Saudi Aramco (ARMCO) confirms domestic listing
- Oil and gas company targets IPO in Riyadh in Q3/Q4 2019
- Primary domestic listing could be complemented by float overseas in 2020, Tokyo a possible venue
- New twist in WeWork’s IPO saga on Tuesday as SoftBank urges company to shelve plans
Oil giant Saudi Aramco confirmed plans on Tuesday for a primary listing on the domestic Riyadh Stock Exchange.
Speaking on the sidelines of the World Energy Congress, Aramco chief exec Amin Nasser said a two-stage IPO is now in the offing with a local listing, which could arrive before the end of 2019, followed by a separate listing in another jurisdiction with Tokyo a possible venue.
Nasser added: “What we have always said is that Aramco is ready for listing whenever the shareholders make a decision to list.
“And as you heard from His Royal Highness Prince Abdulaziz yesterday, it is going to be very soon. So, we are ready — that is the bottom line.”
Reports on Monday that cited sources close to the matter said 1% of Aramco would be listed on the Riyadh-based Tadawul All-Share Index (TASI) in late Q3 or Q4 2019, with a further 1% being added next year.
Aramco eventually plans to float 5% of the company publicly by 2021 in a deal that could raise as much as $100bn, although investors continue to debate the company’s true valuation.
Aramco made its financial results public for the first time in August when it said net income came in at $46.9bn — a figure that dwarfs major corporations based in the United States such as Apple (NASDAQ:AAPL) and Amazon (NASDAQ:AMZN).
New York was mooted as a possible venue for the separate international float earlier in the summer, but Aramco’s board has decided that a stateside listing would involve too many legal risks.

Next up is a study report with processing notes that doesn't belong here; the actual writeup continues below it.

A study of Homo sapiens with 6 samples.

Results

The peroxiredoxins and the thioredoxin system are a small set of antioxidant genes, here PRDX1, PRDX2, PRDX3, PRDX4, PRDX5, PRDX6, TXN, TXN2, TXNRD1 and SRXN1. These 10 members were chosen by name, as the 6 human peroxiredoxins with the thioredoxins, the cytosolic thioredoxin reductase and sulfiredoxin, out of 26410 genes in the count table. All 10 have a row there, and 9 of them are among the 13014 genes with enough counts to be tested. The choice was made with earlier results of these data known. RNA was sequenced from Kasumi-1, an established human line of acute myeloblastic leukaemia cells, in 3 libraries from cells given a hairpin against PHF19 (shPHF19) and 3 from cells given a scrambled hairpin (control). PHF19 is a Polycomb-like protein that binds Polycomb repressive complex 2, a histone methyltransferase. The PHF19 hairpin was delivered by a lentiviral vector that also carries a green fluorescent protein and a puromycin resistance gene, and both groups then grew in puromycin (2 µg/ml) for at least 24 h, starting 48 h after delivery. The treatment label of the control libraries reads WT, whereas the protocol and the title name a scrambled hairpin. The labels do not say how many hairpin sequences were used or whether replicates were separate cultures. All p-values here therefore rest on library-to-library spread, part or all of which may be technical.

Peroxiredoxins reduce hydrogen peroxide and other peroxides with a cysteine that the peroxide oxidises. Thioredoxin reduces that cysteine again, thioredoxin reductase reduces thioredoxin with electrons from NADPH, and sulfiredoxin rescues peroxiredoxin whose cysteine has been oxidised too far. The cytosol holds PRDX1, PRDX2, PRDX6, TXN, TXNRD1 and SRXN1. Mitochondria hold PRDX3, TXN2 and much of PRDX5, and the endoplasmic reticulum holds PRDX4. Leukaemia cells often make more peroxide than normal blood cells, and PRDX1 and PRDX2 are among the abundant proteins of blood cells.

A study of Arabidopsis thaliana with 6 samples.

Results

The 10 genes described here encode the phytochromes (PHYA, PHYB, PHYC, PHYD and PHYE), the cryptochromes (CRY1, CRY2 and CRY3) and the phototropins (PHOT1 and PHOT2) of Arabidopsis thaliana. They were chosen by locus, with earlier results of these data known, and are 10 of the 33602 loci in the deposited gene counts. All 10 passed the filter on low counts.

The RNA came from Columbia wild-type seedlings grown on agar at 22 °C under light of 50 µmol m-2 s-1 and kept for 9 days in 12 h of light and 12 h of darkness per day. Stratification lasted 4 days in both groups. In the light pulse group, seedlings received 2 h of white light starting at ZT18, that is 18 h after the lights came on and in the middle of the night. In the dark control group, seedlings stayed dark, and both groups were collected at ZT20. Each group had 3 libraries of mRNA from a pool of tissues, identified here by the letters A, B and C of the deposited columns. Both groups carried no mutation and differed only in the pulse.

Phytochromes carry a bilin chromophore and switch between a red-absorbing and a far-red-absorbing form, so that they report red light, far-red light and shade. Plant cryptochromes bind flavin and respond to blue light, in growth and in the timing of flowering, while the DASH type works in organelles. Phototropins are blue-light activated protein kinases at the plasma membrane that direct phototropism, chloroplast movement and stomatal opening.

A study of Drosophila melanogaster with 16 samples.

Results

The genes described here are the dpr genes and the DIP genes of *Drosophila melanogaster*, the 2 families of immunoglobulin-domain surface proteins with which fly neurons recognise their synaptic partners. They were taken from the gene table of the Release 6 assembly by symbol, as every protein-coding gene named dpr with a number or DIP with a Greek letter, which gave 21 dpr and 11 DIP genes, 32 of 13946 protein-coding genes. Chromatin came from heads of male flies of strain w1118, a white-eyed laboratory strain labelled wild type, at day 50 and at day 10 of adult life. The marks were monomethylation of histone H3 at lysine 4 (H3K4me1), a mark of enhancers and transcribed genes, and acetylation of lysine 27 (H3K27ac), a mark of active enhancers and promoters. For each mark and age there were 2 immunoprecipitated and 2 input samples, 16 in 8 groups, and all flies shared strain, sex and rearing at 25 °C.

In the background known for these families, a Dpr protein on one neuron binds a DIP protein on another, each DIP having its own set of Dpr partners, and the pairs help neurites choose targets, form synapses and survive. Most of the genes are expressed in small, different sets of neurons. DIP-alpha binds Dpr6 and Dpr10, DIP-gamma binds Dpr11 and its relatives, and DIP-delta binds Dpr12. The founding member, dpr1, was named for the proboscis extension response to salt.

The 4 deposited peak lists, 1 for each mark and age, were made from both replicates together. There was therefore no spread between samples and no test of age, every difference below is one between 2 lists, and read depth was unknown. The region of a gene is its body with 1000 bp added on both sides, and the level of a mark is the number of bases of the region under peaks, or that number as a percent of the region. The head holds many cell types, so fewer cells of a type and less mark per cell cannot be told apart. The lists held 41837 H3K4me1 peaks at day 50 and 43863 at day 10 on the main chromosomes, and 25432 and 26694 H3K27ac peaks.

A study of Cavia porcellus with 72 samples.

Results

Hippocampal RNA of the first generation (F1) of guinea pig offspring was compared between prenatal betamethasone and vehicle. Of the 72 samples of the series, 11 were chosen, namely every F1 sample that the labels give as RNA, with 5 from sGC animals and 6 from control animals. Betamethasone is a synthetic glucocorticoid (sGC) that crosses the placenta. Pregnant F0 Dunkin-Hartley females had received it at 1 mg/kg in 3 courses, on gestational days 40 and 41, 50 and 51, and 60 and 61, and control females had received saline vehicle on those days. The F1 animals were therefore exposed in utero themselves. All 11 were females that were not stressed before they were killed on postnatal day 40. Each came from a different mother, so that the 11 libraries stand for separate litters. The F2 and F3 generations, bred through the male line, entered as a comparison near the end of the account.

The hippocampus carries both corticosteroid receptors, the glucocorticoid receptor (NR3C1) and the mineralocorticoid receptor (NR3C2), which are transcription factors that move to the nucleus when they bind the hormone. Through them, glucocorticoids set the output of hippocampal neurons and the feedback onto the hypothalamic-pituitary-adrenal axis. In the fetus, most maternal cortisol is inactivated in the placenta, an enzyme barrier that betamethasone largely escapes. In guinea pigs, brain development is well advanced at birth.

Tokyo now seems to be leading the race, but Hong Kong and London remain a possibility.
A major sticking point for Aramco in the past has been the complexity of its corporate structure, which played a role in its IPO being delayed from an original date back in 2018.
Saudi Energy Minister, Prince Abdulaziz bin Salman expects the issue to be addressed.
He told delegates: “I have no doubt in my mind that emphasising the separation between Aramco, the corporate, and the ministry as regulator is a must.
“The regulator cannot be a person, the regulator has to be an institution. That regulator role has to be defined, and the contours of the role of the regulator has to be understood.”
In other news, WeWork’s upcoming IPO could be delayed after shareholder SoftBank urged the company to reconsider its plan after lukewarm interest from public market investors, who are believed to have baulked at an overinflated valuation.
Shared workspace startup WeWork was valued at around $47bn when SoftBank made its latest investment in early 2019, but advisors have been testing a lower $15–$20bn figure, which has reportedly reduced enthusiasm for a share sale.